Video game writing and a return to UEA
Sarah J Longthorne is a professional writer and the senior narrative designer at Sumo Digital Nottingham, having previously worked at Fusebox Games and Jagex.
Sarah graduated with a first-class degree in Scriptwriting and Performance in 2014 and was shortlisted for The Student Room's 'Student in a Million' award in 2014 after setting up a mental health movement during her studies. In September 2021 she has returned to UEA part- time for an MA in Creative Writing: Prose.
Games arguably provide the most immersive form of storytelling by allowing the player to inhabit the protagonist and move the story forwards with their actions
Why did you choose to study at UEA?
About eleven years ago, while I was studying my A-Levels, a girl in my English Language class told me that UEA had the best creative writing course in the UK, but that no one in our cohort was good enough to get in. That’s the moment UEA became my first choice.
What were your career ambitions while studying here and how did they develop?
I wanted to be a published fantasy author, which is still true. I was interested in screenwriting too, of course, but didn’t know how one would break in, and was told regardless that doing so was a dead end. As a result, I went for whichever jobs would allow me some level of writing and ended up in marketing.
How did you come to work in the gaming industry?
One of my marketing colleagues noticed my love of video games and told me that there were a couple of studios in the city, one of which was surely hiring for my skillset. I looked around and found a marketing role at Jagex, which makes RuneScape. Once at Jagex, I asked for opportunities to contribute some writing to the game and got involved in game design initiatives, eventually leaving to take my chances as a freelancer before ending up at Fusebox Games and finally Sumo Digital Nottingham, where I am now.
What have been your career highlight?
This year I made MCV’s 30 Under 30 list in 2021, and just this week I was promoted to Senior Narrative Designer! A lot of the games I’m most proud of haven’t been announced, or else I can’t yet talk about them, but shipping those titles will be a high for sure.
What is the most rewarding thing about working in games and on games writing?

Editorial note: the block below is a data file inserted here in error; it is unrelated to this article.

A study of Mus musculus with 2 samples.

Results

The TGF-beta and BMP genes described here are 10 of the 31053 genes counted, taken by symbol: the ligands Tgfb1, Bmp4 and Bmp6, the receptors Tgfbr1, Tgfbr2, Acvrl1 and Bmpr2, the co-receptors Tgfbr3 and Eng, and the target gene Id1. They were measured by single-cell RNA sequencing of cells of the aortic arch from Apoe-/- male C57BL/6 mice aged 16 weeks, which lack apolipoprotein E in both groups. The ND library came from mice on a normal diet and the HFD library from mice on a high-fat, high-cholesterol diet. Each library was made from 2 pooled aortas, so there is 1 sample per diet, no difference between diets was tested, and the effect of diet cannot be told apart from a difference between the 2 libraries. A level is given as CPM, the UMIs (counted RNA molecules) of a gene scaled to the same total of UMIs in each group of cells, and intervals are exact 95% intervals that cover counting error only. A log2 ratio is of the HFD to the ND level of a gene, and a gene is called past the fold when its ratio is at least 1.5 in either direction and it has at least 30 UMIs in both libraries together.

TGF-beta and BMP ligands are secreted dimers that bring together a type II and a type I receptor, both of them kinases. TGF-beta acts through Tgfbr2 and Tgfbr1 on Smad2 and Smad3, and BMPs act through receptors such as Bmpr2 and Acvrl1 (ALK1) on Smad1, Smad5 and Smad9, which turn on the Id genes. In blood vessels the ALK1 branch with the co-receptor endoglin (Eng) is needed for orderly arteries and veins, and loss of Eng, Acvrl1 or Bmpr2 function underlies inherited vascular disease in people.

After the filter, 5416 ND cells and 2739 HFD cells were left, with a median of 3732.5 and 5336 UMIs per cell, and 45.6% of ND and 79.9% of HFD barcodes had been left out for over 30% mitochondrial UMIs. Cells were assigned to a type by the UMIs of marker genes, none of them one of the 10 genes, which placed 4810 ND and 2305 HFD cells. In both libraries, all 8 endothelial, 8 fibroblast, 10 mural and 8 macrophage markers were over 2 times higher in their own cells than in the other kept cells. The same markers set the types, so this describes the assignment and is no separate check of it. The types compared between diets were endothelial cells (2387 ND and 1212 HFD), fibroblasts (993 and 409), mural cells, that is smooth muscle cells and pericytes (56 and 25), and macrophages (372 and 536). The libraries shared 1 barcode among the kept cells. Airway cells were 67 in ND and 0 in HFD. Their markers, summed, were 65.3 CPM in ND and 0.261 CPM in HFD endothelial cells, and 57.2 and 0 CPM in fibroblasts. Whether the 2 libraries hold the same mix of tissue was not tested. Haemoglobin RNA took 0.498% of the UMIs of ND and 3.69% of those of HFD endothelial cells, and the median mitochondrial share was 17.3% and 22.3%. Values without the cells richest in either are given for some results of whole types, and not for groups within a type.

It’s always such a joy to work with artists, animators and voice actors and see your stories and characters come to life for the first time, and to see players enjoying your work once the game comes out. I also love announcement time, watching everyone get excited online.
Does working on a video game give you more narrative options than in more traditional forms of storytelling?
Games arguably provide the most immersive form of storytelling by allowing the player to inhabit the protagonist and move the story forwards with their actions – and in some games, even alter the story! But the more control the player has, the less we can dictate certain beats. We also have to consider the collaborative nature of game development and the fact that the narrative is penned in by what we can technologically achieve, which may change over the course of development.
With that in mind, do you think the industry should be on the radar of more creative writing students?
Absolutely! I wish I’d known there were jobs here for writers when I first graduated, particularly since it’s one of the only industries which pays a stable salary for creative writing, assuming the studio is financially sound. But interactive writing isn’t necessarily a smooth transition – writing skills alone won’t cover it.
After making a successful start to your career you’ve returned to UEA to study a part-time MA in creative writing. Why have you decided to come back and how do you think it will help your career?
Returning for the MA was always my goal, and publishing a novel my dream. My mentor (alum Greg Buchanan) said the MA would transform my writing life, and so far, he was right. I’m more confident, my writing is improving and I’m on track to complete this draft, which I hope to one day get in front of an agent – perhaps with the help of the anthology!
And how does it feel to be back studying at UEA? Has it brought back some good memories?
While I enjoyed my BA, I was quite unwell mentally and struggled to make and keep friends. This time has been like a reclamation. I’m building new memories and associations with all the things and places that hurt before, replacing old with new, bad with good. What I’d assumed to be a sad story simply wasn’t over yet.
And what’s next for you?
I intend to stay in video games while writing fantasy on the side. Hopefully by the end of next year I’ll have shipped at least one AAA title, and I hope as well to have made good progress on my first novel, Uthervold. Fingers crossed that will be on bookshelves one day!